Federal Judge Shuts Down Two Dallas Tax Preparers
One Firms Owner Allegedly Taught Employees to Fabricate Phony Businesses for Customers in Order to Claim Bogus Deductions
WASHINGTON – A federal court has shut down two Dallas tax preparers during the height of tax-filing season, the Justice Department announced today. Chief Judge Sidney Fitzwater of the U.S. District Court for the Northern District of Texas signed a temporary restraining order barring Ethel Washington from preparing any tax returns. The court found that Washington continually and repeatedly prepared federal tax returns with false or inflated Schedule C business losses, even after the Internal Revenue Service (IRS) notified her that it was investigating her return preparation. The court noted that Washington has prepared returns with false or inflated business losses since 2004, and has already prepared 120 returns with claimed business losses during this tax-filing season, some of which were false or inflated. Washington operates Washington Income Tax Service in Dallas.
The court has also permanently barred Washington’s former employer, Tina Preston, and her firm, The Preston Group & Associates Inc., from preparing federal tax returns. Preston consented to the civil injunction order. The court required Preston to provide her customer list to the Justice Department and to post a copy of the court order on her website.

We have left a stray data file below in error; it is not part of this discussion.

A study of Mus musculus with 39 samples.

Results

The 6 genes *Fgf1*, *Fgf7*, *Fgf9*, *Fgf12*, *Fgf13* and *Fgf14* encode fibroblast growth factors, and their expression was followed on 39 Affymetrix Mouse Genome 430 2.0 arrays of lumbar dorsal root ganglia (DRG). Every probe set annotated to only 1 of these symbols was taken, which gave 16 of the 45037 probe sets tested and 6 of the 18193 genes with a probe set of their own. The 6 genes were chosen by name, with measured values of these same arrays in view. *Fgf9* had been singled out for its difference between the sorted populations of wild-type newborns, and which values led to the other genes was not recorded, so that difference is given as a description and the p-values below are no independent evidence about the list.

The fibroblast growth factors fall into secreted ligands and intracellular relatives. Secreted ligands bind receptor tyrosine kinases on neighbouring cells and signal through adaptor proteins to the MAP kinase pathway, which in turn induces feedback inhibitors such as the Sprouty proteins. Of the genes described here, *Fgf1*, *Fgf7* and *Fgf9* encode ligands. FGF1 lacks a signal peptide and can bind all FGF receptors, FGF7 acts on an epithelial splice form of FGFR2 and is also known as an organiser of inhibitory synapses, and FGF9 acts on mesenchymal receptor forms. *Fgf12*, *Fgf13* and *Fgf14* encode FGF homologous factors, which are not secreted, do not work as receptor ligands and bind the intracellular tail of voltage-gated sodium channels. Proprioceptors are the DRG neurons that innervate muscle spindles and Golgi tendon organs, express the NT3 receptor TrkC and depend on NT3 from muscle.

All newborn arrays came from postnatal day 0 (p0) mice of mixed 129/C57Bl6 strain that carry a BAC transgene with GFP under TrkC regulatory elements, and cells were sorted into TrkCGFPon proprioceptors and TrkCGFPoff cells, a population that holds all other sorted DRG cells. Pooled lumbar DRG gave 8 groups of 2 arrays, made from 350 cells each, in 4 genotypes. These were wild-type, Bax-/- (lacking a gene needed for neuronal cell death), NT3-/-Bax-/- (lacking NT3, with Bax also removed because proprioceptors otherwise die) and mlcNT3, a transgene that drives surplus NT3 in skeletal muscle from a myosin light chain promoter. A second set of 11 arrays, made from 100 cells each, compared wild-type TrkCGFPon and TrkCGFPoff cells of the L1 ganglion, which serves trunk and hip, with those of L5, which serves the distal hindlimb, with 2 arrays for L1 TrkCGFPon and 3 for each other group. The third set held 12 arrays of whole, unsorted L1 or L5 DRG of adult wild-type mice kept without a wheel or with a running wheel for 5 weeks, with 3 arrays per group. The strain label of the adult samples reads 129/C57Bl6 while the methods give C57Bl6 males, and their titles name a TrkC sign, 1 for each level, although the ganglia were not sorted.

According to the government complaint, filed in the case last month, Preston Tax Services prepared federal income tax returns for thousands of individual customers. Tina Preston allegedly taught employees, including Ethel Washington, how to list phony businesses on customers’ returns in order to report false business losses to offset customers’ wage income. The complaint further alleged that the defendants sometimes used phony businesses to increase customers’ income in order to claim improper earned income tax credits, a benefit that is available under some circumstances to working people in certain income ranges. According to the complaint, the tax losses from the defendants’ misconduct could be as much as $60 million. The case against several other defendants remains pending.
"The court’s swift action shows that tax preparers can face serious consequences for misconduct," said John A. DiCicco, Acting Assistant Attorney General for the Justice Department’s Tax Division. "The IRS and Justice Department are committed to putting fraudulent preparers out of business."
DiCicco thanked Justice Department trial attorney Michael Pahl, who handled the case, and Glenda Dziema, a revenue agent with the IRS’s Small Business/Self Employed Division, who handled the investigation.
In the past decade the Justice Department has obtained injunctions against more than 380 tax preparers and tax-fraud promoters. Information about these cases is available on the Justice Department Web site.